I was watching the news last night, listening to a politician who was speaking about current events in the United States. I was only half listening because I was trying to work on my blog (I’ll get to that in a minute), but it occurred to me that so much has changed since your death almost three years ago. If you arrived in our living room this morning, you might be really surprised at what has transpired over the years since you left.
So here’s my update to you, just in case you can somehow access it.
Let me start with the most surprising things happening in our country. Yes, Donald Trump is still our president (and before you ask, I’ll answer your next question: he was impeached by the House, but acquitted by the Senate earlier this year) and there’s a chance he might be our president for four more years. We’re waiting and watching, but unlike in 2016, we can’t go knocking on the doors of undecided voters. Why? Because we’re living through a global pandemic.
For real. Over 225,000 Americans have died and the kids and I can’t leave the house without wearing masks (it’s the law here in DC.) Claire, Austin and Tommy haven’t been inside a grocery store or an airplane or a school building since March – and there’s no end in sight. And since I’m on the topic of 2020, let me say this: it’s been a year unlike any other. A terrible murder by a police office led America to start confronting racism in a very real way. Fires on the West coast became so intense that my dad couldn’t go outside for weeks because of the air quality. The pandemic seemed to ease for a bit this spring, but now we know that we’re likely to be locked down for the rest of the year and maybe even next year. And if you’d like just a few more details about this year, there was a very real fear that murder hornets could destroy the bee populations by decapitating them, so everyone went nuts trying to eradicate them, and also Kobe Bryant died (though maybe you know that, up there in heaven?) I can’t even remember the rest because it’s just too overwhelming to do so. But suffice to say that this year has been…intense.
So, yes, a lot has happened in the world since you left us on that freezing cold day in January of 2018. But maybe the most surprising part isn’t who our president is or what it feels like to go to the bank wearing a mask over my face. I think you’d be interested in all of those facts, but I know they would matter a whole lot less than hearing about the lives of the four people you loved most in the world.
Claire is in middle school, and though she retains her sunny outlook on life, she has a bit of worldliness in her now, as she knows more about unfairness in her own life and the world. But she sings in the kitchen at lunch and helps me with dinner most nights and sometimes she still lets me braid her hair. Austin is the same level-headed kid he was at two years old, but he’s grown into a thoughtful fourth grader who shows a genuine care towards his younger brother. His hair is long now, and you can’t see those beautiful eyes as well, but he’s always watching the people around him. And Tommy – well, in so many ways, he’s the same ball of fun that he always was. I can still pick him up and ease his pain with a kiss, but he’s not a baby anymore. None of them are.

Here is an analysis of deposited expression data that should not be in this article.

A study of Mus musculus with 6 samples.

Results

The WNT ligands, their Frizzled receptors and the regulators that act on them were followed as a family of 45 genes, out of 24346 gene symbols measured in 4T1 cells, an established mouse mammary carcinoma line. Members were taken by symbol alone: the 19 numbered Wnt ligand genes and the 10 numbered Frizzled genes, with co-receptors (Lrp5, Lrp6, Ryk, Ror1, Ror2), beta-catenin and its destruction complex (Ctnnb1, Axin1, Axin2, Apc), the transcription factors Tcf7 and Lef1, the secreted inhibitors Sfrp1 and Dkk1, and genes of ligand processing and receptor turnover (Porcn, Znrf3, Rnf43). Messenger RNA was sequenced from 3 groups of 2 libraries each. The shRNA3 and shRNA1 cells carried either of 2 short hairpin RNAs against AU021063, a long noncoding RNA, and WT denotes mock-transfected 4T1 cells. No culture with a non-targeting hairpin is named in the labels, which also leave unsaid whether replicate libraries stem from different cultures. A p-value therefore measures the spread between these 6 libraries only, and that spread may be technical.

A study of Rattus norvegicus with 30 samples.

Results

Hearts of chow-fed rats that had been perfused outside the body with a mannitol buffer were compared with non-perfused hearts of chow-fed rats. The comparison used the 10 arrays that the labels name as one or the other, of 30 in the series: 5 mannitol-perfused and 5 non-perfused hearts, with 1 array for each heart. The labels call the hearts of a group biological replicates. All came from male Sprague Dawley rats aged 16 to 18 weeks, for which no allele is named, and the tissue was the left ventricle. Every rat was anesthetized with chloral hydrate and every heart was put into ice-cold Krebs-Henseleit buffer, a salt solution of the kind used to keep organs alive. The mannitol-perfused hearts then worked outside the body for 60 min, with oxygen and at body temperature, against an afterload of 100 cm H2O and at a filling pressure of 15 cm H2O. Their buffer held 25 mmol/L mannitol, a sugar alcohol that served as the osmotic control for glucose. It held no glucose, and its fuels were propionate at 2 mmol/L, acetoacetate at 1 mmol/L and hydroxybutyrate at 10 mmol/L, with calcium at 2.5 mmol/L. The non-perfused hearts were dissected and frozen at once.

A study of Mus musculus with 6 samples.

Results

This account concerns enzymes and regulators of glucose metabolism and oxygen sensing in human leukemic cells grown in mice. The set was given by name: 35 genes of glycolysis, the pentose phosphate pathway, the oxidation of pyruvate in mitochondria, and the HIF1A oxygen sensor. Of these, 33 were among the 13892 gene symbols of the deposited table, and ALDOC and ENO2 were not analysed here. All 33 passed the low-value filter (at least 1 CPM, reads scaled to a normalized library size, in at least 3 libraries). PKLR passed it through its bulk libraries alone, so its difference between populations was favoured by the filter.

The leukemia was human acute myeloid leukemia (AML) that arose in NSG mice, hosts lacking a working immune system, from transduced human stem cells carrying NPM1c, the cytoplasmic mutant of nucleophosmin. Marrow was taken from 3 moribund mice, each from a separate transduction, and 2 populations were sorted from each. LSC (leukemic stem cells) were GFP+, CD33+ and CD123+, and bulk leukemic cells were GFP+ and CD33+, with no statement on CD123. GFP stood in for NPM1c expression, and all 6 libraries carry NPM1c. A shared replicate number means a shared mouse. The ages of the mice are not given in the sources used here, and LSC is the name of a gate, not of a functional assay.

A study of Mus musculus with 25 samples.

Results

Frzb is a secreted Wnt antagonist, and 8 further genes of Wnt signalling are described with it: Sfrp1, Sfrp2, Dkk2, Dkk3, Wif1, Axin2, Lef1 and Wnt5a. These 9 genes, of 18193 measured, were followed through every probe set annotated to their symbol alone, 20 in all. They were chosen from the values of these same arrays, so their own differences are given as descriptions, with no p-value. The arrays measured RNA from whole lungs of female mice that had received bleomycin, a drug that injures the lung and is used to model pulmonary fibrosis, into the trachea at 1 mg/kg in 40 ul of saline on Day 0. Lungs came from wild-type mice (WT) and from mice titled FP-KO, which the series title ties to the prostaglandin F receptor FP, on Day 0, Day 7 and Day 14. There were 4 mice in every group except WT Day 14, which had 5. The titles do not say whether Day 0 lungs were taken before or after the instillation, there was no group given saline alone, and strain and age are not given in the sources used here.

They are happy, Shawn. They lived through the terrible year of 2018, even with a mother who barely held it together. And then they lived through 2019, as we stitched ourselves back together as a family. When 2020 arrived, I thought things might be easier, but now we live a life that is mostly confined to the house, with school taking place through a video screen. And yet – they are happy. As I type this, the boys are swinging on the hammock together, laughing about something. Claire is singing upstairs with the choir she joined virtually.
There is joy in this house.
And the joy is not just from them. I have also found happiness – first, on my own, as I realized how I was going to face the world without you. I started this blog about being a widow and now I’m writing for other outlets and helping other widows, too. And remember how I stopped cooking when the kids were young, because it was just too much of a pain? Well, I started to do it again. In fact I just pulled a fresh loaf of bread out of the oven, and we’re having roast chicken tonight. I found these new passions after you were gone, which seems a bit strange. How I wish I could have shared them with you, too.
And there is one more thing I have left out. This spring, I let someone new into my life – a for-real new love – and we are truly happy together. He is not exactly like you, which I suppose is the way it should be. But you would like him, that I know for sure.
Is it strange to hear that life continues without you in it? Is it strange to hear that the kids are happy, and that I am happy, without you around? Is it strange that in less than three years, there is so much that is unrecognizable in the world that you once knew?
Sometimes, it’s strange for me, too.
I can’t tell you what is coming next, not in the political world or with the virus that keeps killing people. I can’t tell you when things will go back to normal for our family, and we don’t know how much longer we’ll all be stuck here in this house. I can’t tell you what the future holds for our country or our family. But I can tell you this: we are still here. And we have done what you asked of us:
We have made a happy life without you.
That doesn’t change the fact that we miss you so much. Today and always.
PS – I have always loved this photo of you that I took one day in Germany, on our first trip without the kids. You were so happy in that moment, and it is one I remember vividly, even 5 years later.